CHANGE is taking place all the time. But maybe we don't always like change. If we don't have an intelligent attitude toward change, however, we can end up opposing everything and anything. It makes sense, then, to consider how we should handle changes in our lives and in our world. One effective way is to pray, and to continue praying. Prayer makes us more resilient, more adaptable, better able to maintain our inner peace no matter what's going on around us.
Prayer helps us understand that there is one God, one divine Spirit. Spirit, God, created the universe, including man, in Spirit's own likeness. Reality is spiritual. Man's true identity is spiritual. So your true identity, and mine, and everyone's, is as changeless, spiritually, as God is changeless. As we understand and affirm these spiritual facts, our fears lessen. We find ourselves better equipped to meet expected and unexpected changes.
The Bible has many examples. Daniel, for instance, a captive exile, rose to be prominent in the king's court. Then he was envied, conspired against, and sentenced to be thrown into a den of lions. After a night with the lions he was released, unharmed, totally untouched by the whole affair. His words to the king were ``My God hath sent his angel, and hath shut the lions' mouths, that they have not hurt me: forasmuch as before him innocency was found in me; and also before thee, O king, have I done no hurt.''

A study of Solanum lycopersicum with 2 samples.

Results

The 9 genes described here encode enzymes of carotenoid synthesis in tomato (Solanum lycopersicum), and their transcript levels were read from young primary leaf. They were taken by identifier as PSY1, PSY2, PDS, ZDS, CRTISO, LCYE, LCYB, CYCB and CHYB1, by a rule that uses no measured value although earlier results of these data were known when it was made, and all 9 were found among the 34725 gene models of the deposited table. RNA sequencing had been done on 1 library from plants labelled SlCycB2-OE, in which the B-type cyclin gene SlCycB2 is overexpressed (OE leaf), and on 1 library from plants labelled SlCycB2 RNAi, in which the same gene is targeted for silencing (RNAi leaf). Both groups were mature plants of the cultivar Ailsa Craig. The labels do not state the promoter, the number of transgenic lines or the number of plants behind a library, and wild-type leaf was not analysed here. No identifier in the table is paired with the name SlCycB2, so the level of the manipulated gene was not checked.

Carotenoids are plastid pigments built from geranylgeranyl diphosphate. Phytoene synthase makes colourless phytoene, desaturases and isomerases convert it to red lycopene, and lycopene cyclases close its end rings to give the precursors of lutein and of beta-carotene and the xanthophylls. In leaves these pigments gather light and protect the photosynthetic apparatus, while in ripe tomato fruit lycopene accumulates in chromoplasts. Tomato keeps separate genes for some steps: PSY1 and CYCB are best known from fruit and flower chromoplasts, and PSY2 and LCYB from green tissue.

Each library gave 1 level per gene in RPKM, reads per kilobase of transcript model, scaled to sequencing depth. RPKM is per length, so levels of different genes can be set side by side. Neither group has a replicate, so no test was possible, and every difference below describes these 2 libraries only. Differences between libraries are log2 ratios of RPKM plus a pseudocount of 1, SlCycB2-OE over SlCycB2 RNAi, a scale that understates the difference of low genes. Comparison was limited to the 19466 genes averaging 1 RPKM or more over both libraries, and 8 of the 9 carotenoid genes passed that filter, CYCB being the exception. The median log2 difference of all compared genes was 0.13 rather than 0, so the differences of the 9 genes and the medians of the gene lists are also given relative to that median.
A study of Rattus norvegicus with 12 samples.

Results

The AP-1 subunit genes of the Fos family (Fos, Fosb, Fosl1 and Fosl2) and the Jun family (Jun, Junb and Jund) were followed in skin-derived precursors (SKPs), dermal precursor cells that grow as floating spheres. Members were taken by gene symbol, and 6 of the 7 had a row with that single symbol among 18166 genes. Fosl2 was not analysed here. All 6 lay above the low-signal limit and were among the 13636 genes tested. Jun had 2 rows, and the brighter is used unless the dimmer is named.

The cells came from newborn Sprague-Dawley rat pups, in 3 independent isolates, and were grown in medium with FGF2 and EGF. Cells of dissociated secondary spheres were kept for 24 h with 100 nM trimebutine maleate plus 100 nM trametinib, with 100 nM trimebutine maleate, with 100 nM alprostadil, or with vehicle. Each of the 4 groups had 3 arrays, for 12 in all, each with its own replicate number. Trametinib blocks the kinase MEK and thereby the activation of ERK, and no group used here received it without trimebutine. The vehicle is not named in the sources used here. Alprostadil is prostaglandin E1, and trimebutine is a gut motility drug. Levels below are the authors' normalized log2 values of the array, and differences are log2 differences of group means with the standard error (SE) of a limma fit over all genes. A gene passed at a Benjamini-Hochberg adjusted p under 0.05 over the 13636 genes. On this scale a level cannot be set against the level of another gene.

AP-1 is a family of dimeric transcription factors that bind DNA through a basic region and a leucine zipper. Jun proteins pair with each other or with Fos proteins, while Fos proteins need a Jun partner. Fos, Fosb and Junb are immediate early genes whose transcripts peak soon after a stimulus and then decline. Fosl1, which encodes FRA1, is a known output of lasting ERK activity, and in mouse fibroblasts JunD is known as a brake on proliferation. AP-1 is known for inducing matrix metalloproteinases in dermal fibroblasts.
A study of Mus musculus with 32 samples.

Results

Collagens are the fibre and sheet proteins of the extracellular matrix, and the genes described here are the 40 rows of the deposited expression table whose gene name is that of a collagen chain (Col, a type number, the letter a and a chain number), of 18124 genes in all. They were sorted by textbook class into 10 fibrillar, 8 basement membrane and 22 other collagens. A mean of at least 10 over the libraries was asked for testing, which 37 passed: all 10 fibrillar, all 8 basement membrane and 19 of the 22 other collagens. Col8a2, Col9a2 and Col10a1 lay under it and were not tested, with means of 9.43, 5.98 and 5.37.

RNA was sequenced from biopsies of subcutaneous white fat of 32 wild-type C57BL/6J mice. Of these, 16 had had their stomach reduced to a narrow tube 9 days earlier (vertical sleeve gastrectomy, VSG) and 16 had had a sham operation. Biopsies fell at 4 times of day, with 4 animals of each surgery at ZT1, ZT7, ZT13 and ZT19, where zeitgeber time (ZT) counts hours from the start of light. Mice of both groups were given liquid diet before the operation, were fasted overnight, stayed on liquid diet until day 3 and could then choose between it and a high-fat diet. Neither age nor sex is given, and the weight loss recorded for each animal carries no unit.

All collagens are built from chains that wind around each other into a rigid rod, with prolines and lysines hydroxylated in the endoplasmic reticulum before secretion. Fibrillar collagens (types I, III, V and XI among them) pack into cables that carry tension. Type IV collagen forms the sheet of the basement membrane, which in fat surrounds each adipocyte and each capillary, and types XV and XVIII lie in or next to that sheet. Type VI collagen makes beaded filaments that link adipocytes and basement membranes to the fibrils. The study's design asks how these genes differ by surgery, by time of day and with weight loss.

Few of us are likely to be taken suddenly from the comfort of a king's palace and pitched into a lions' den, but there's much we can learn from Daniel's way of handling the situation. He had no fear of the lions, and no resentment toward anyone. He was the same Daniel -- the same kindly, Godlike individual -- whether he was in the king's palace or in the lions' den. How did he maintain his poise? The Bible tells us that Daniel made a regular practice of praying to God. He trained himself spiritually.
We can do the same. Through daily prayer, you and I can cultivate a state of consciousness that remains unchanged spiritually despite all kinds of upheavals on the human scene.
And if we want to know how to pray, we have only to turn to the Bible for guidance, to the place in Matthew where Christ Jesus' disciples asked their great Teacher how they should pray. Jesus, in response, taught them the prayer we know today as the Lord's Prayer. We can pray with the Lord's Prayer. The Lord's Prayer, with its spiritual interpretation, can also be found in Science and Health with Key to the Scriptures by Mary Baker Eddy, the Discoverer and Founder of Christian Science. It appears at the end of the first chapter, which is entitled ``Prayer.''
And there's another prayer used daily by Christian Scientists. It's in a small book, the Manual of The Mother Church, written by Mrs. Eddy. Under the heading ``Daily Prayer'' we read: ``It shall be the duty of every member of this Church to pray each day: `Thy kingdom come;' let the reign of divine Truth, Life, and Love be established in me, and rule out of me all sin; and may Thy Word enrich the affections of all mankind, and govern them!''
That prayer is not exclusive to Christian Scientists. Anyone can use it. We can all unite in it. There is one God, one all-loving heavenly Father. We are all God's children, loved equally.
We can see that to pray we need to start with God. Then, in humility, we acknowledge our own and everyone else's spiritual relationship to God. When we pray with the love of God in our hearts, we are led in right ways, guarded, protected, liberated, wherever we may be, in whatever circumstances. And we help and bless others also. Through prayer, and with love, we can handle change in our lives with confidence.